The 1872 Chinese Education Mission
Updated: Mar 26, 2022
A Look Back on its 150th Anniversary
The Chinese Education Mission (CEM) sent 120 young Chinese boys to America beginning in 1872 to train them in order to help China modernize. In this, the 150th anniversary year of the CEM, the Chinese Historical Society of New England (CHSNE) has launched an effort to further explore this momentous time. A CHSNE webinar on March 19, 2022, profiled three of the seven (or eight) of the students who either did not return to China or ultimately came back to America after the Qing government cancelled the program in 1881. The Chinese leaders feared that the boys were becoming too Americanized (though rising anti-Chinese sentiment in America which led to the Chinese Exclusion Act in 1882 likely also played a role).
These 120 boys indeed became men who were leaders in industry, science, government, and more in China both before and after the fall of the Qing Dynasty. Of the three men profiled,
Yan Phou Lee became a noted children's author. He once wrote that "I desire to follow up a literary career, and I think I can do a great deal of good in this country by simply correcting erroneous American ideas concerning Chinese affairs." His book, When I Was a Young Boy in China (1887), was the first book written and published by a Chinese person in America.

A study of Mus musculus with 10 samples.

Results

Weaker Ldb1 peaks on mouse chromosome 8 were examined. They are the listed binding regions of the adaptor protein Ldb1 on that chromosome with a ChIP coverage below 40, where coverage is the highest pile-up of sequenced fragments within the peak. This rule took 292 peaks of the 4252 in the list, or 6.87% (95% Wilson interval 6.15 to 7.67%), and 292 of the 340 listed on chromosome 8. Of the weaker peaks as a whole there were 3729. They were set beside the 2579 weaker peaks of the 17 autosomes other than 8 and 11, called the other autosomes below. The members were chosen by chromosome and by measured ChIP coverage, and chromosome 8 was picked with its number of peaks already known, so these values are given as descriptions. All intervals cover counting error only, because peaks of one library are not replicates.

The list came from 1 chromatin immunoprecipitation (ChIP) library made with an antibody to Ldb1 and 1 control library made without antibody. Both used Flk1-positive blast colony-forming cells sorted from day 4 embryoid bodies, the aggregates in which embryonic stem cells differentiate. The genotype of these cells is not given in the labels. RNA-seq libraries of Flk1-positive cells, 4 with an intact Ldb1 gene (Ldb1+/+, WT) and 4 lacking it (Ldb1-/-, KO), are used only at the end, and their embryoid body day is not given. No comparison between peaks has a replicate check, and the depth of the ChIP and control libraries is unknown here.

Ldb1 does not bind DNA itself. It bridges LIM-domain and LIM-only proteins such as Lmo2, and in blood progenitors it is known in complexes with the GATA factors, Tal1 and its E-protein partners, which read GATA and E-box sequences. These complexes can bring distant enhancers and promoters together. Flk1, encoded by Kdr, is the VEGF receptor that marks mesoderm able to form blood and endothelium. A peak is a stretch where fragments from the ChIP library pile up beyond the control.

Hong Yen Chang, was the first Chinese person regularly admitted to the bar as a lawyer in America (1888). It only took a New York judge to grant him naturalization when that was illegal for a Chinese person, a special act of the NY legislature allowing him to sit for the bar exam, a NY governor who allowed the law to be enacted without signature, and another NY judge to ultimately allow him into the Bar after an earlier NY judge said no. When Hong later tried to join the California bar, the CA Supreme Court said no because he was neither white nor a US citizen.
Yung Kwai defected in Springfield, MA, when the then-21-year-old was on the train back to the West Coast and China after the Qing recall. He had previously converted to Christianity and later was baptized and cut his queue. Yet he fulfilled his promise to his original benefactor and served the Chinese government in various diplomatic capacities in America almost continuously between 1884 and 1943.